Researchers have discovered an inherited brain pathway that increases the risk of anxiety in monkeys, and if the research translates to humans, it could have huge implications for treating overwhelming anxiety.

While it's true that anxiety disorders are one of the most pervasive and debilitating mental disorders that we know of – affecting millions of people worldwide – that doesn't mean we fully understand them.

Scientists know that anxiety disorders can be brought about by both environmental and genetic factors, but when it comes to heritability, we still don't know much about how they are handed down from generation to generation.

Now, an intriguing new animal study offers a little more insight into how anxiety develops, how it changes the brain, and how it is transmitted from parents to children.

"When we began this research, we knew so little about the brain regions involved, especially in primate species," said one of the researchers, psychiatrist Jonathan Oler from the University of Wisconsin.

"This study speaks to how important it is to study animals that are related to humans as they allow us to learn about the causes of human anxiety and by so doing we can potentially develop better treatment and hopefully prevention strategies."

Using functional magnetic resonance imaging (fMRI), the study examined the brains of hundreds of related pre-adolescent rhesus macaques with various levels of anxious temperaments.

The focus was specifically on extreme anxiety temperaments (AT) because these are a significant risk factor for anxiety disorders and depression in human children. The idea was to create a non-human primate model of AT, which is thought to be about 30 percent heritable among rhesus monkeys.

Examining the results, the researchers found neural connections between two regions of the amygdala - the brain's fear centre - that are related to anxiety in pre-adolescent rhesus macaques. The continuum of neurons was found to be heritable and extends between the central nucleus of the amygdala and the bed nucleus of the stria terminalis in the extended amygdala.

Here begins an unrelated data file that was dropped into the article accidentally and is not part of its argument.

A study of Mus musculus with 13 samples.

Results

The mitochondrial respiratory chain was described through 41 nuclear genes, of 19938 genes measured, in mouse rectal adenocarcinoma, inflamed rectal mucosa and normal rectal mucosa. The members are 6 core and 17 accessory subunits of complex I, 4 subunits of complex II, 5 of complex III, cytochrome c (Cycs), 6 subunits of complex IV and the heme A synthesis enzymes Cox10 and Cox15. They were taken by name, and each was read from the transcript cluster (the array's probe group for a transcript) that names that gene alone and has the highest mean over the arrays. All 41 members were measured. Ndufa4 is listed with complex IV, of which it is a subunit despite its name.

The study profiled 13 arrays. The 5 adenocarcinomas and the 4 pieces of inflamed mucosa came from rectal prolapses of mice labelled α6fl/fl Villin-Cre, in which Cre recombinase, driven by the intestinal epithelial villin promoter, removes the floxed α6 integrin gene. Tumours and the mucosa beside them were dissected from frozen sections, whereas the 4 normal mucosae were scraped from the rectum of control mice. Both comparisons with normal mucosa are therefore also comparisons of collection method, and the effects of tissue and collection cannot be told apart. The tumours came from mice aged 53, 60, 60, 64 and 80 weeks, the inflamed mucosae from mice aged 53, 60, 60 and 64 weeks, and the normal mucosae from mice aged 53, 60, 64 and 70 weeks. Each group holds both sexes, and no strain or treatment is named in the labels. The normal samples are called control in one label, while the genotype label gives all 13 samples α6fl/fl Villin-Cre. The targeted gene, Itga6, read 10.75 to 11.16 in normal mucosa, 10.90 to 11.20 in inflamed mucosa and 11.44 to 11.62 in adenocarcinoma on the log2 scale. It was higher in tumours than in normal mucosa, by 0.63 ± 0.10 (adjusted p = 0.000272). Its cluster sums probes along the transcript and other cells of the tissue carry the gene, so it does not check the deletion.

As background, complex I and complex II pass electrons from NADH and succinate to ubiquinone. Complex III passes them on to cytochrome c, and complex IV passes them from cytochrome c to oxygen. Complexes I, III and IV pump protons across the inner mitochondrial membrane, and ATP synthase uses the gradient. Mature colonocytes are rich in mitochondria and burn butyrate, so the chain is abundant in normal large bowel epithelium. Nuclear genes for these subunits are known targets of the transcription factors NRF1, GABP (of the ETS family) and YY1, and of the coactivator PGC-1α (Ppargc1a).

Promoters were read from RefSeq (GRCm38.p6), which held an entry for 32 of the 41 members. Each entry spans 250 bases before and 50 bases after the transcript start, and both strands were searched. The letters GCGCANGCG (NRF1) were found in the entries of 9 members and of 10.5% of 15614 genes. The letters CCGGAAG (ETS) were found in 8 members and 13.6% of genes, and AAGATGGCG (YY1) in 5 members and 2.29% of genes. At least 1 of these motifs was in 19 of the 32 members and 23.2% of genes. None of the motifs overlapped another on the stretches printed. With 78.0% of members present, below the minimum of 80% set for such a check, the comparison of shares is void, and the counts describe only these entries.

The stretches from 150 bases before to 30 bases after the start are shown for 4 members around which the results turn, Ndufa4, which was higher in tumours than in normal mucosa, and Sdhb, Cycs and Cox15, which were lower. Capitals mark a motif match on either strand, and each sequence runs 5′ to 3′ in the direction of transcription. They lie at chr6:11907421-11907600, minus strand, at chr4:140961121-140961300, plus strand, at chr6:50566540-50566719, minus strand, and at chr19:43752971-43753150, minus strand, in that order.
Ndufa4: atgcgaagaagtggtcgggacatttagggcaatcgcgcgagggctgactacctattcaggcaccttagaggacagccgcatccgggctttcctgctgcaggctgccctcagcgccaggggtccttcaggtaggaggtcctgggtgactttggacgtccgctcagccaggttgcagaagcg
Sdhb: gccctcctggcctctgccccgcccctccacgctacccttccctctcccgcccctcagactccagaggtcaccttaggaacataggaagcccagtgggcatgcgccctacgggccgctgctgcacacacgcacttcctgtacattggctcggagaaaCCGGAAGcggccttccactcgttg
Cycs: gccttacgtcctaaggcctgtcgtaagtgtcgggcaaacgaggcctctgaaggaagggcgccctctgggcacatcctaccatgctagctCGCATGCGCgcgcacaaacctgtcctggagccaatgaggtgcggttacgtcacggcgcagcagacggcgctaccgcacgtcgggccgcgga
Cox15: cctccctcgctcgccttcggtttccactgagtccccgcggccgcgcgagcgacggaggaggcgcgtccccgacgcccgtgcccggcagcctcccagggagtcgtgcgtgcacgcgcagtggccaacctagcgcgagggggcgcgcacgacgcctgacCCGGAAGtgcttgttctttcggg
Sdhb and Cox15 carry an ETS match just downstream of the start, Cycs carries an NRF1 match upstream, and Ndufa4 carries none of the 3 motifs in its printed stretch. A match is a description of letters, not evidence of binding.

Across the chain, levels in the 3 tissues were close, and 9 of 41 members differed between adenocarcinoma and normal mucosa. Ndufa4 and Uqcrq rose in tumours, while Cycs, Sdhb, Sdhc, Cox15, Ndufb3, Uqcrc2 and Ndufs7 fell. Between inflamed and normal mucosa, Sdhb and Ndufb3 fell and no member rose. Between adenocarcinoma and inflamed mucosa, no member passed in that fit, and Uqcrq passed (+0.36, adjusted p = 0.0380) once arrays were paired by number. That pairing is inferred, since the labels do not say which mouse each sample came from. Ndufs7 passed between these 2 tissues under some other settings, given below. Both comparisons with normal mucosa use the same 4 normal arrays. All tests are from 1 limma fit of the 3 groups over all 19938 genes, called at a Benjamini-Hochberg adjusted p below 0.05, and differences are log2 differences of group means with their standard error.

The findings are further supported by a previous study from the same authors that demonstrated metabolic changes associated with anxiety in the same circuitry using positron emission tomography (PET).

There are plenty of known limitations when using PET and fMRI to study neurobiology, but taken together, the two studies suggest that the same genes underlying the connectivity of the new-found circuit also underlie AT.

"The way we measure this alteration in monkeys is very similar to the method that we use to measure this circuit in our studies of anxiety in human children, so this research is highly translational," said senior author and biological psychiatrist, Ned Kalin.

"Looking first at the monkeys has provided us with clues about which systems to focus on in our studies of at risk young children."

This isn't to say that this particular circuit is fully responsible for AT. Like anxiety disorders, AT and other related constructs are a combination of heritable and environmental factors. But that doesn't mean the new findings are trivial, either.

Extreme early-life anxiety is one of the biggest risk factors for anxiety disorders and depression, yet most current treatments address symptoms rather than the underlying problem. The more researchers learn about the pathophysiology of anxiety disorders, the more likely it is that future treatments can stop the disorder from developing.

"In data from a species closely related to humans, these findings strongly point to alterations in human brain function that contribute to the level of an individual's anxiety," said Kalin.

"Most importantly these findings are highly relevant to children with pathological anxiety and hold the promise to guide the development of new treatment approaches."

The authors of the new study hope that their findings will assist future research on anxiety disorders in at-risk children.

"We are continuing to discover the brain circuits that underlie human anxiety, especially the alterations in circuit function that underlie the early childhood risk to develop anxiety and depressive disorders," said Kalin.

The study was published in the Journal of Neuroscience.